Thursday, January 08, 2004

Hippocrates the first to understand causes of mental illness

"The ancient Greeks viewed mental illness as the work of good or bad spirits: If someone’s disturbance appeared to be mystical and mild, with pleasant overt symptoms, such as the ones witnessed in the schizoaffective disorder, manic type, then the ancient Greeks believed that such patients were possessed by ‘good’ spirits. On the other hand, they were thought to be possessed by ‘bad spirits’ if they manifested dark moods or showed a markedly diminished interest in everyday life, as in the case of the depressive type of the schizoaffective disorder."

"The Egyptians and the Hebrews held similar views. The ‘visitations’ of ‘good spirits’ were viewed with respect and admiration and the patients were treated accordingly. And the ‘visitations’ of the ‘bad spirits’ were thought to be ‘disturbances’. Some very unpleasant modes of treatment were adopted to drive the ‘bad’ spirits away from patients, including starvation, prolonged chanting over the person, flogging, and even drilling a hole in the skull of the ‘possessed’ to allow the spirit to escape from the body."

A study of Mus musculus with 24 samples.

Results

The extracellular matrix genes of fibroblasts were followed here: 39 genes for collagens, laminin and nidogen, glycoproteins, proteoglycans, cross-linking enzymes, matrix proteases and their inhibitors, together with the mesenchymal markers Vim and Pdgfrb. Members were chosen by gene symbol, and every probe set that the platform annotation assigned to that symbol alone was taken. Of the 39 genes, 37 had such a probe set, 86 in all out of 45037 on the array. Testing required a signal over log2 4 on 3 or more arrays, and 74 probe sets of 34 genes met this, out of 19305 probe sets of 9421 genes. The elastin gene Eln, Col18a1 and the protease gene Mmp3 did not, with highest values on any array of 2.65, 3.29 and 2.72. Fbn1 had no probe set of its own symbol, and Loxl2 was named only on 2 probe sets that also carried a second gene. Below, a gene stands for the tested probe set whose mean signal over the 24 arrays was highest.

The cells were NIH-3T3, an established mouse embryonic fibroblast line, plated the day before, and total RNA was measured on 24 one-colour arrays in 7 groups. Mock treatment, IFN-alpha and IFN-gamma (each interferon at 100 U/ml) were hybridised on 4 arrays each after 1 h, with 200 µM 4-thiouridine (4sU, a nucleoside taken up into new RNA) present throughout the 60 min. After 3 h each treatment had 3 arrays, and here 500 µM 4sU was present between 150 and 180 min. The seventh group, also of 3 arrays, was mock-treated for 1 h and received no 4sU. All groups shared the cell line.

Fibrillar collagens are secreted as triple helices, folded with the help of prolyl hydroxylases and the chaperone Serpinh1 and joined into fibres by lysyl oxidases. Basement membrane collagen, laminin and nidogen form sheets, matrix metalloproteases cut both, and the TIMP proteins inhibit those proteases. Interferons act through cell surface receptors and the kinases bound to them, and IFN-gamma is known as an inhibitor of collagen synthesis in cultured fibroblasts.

"It was, however, the ancient Greek physician Hippocrates, who formulated the theory of abnormal behaviour, putting forward the view that mental illness, like other illnesses, was caused by an imbalance in the chemicals in the body, rather than by good or bad spirits. He recommended certain drugs, purgatives, and exercises to restore the balance of the body as treatment. He was therefore perhaps the first ‘doctor’ Europe may be proud of; his diagnosis and treatment were based upon empirical evidence, systematic observations and not upon heresy and obscure views."